With long, flowing fins in a rainbow of colors, betta fish are some of the most beautiful freshwater aquarium fish. Theyre not just easy on the eyes; they're easy to care for, too. Watch out, though: Bettas are excellent jumpers who can leap right out of an uncovered fish bowl.
Betta fish are good jumpers, known for leaping out of tanks. The best way to prevent a betta from fleeing is to keep a lid on his tank. House him in a smaller tank, one with capacity of 2 to 10 gallons, so he feels secure. The lid should have holes in it to let in plenty of air. A mesh cover is a good option because it allows nearly free flow of air but won’t allow your betta to escape.
If you want to keep your betta in a decorative fish bowl, make it sure it is at least 2 gallons. Since they don’t have lids, the best way to keep your betta in the bowl is to not overfill the bowl. Leave at least 2 or 3 inches of space between the waterline and the opening of the bowl. This will not only allow for plenty of oxygen for your betta to breath, but will make it too far for him to attempt a daring leap.
Make a Cover
If your betta is already living happily in a round fish bowl, you can make a cover that will keep him from jumping out. You can use an old piece of pantyhose or colorful piece of tulle secured with a rubber band to secure his bowl. If you want to use a heavy fabric, like cotton, make sure to poke some holes in it to allow plenty of fresh air in. Make sure to cut an opening that's large enough that you can drop in his favorite food but isn't large enough for him to fit through.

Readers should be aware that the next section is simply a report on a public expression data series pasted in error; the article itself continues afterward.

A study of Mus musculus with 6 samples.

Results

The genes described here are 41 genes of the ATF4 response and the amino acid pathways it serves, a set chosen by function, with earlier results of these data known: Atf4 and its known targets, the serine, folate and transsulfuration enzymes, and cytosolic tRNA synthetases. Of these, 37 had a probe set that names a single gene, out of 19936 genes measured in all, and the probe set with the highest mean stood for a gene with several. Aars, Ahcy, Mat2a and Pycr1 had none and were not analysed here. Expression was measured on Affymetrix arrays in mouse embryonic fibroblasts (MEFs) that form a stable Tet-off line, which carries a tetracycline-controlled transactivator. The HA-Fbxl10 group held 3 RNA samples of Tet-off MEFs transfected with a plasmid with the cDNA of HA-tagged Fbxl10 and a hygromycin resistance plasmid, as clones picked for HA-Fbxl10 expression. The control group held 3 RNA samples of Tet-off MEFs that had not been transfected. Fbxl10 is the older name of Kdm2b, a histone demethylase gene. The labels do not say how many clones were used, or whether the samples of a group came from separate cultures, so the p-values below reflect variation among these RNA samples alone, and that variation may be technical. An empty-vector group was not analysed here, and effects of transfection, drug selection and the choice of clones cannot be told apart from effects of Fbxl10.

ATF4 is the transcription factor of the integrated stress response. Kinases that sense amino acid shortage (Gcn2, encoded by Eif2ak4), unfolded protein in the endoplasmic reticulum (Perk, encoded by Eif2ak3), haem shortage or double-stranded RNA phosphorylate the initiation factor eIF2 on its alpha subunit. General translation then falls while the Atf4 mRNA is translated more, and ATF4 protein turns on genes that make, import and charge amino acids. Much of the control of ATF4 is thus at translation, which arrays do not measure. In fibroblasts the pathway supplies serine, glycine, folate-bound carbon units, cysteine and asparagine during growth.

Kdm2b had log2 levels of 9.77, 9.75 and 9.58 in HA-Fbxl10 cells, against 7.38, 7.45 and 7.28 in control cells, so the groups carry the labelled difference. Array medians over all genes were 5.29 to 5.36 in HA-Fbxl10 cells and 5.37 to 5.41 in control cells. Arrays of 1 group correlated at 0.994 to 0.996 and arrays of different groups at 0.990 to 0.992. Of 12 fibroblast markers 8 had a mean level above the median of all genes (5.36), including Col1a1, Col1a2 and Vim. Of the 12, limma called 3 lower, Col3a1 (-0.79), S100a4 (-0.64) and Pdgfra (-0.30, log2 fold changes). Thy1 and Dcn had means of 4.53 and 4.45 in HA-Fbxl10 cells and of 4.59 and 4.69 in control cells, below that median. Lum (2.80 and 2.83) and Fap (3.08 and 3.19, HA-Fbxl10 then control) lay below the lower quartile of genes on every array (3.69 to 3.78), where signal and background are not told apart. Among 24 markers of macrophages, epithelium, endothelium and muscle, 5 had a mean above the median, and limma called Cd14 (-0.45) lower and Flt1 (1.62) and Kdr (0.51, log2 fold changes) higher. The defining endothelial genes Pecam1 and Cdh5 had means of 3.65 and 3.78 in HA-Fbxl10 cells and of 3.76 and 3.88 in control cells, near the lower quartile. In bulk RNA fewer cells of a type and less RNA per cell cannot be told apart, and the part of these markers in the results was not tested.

Bettas belong to a group of fish known as labyrinth fish, which includes gouramis. Their labyrinths allow them to breathe oxygen directly from the air. A betta can swim to the top of the tank for a gulp of air -- whereas fish without labyrinths gulp at the top of the tank only when they're stressed. The betta's ability to breathe air means he will survive longer outside the aquarium than other fish who can only absorb oxygen from the water. If you find your fish on the floor beside the tank, try putting him back in the water. There’s a good chance that, if he wasn’t outside his tank for too long, he’ll be okay, thanks to his labyrinth.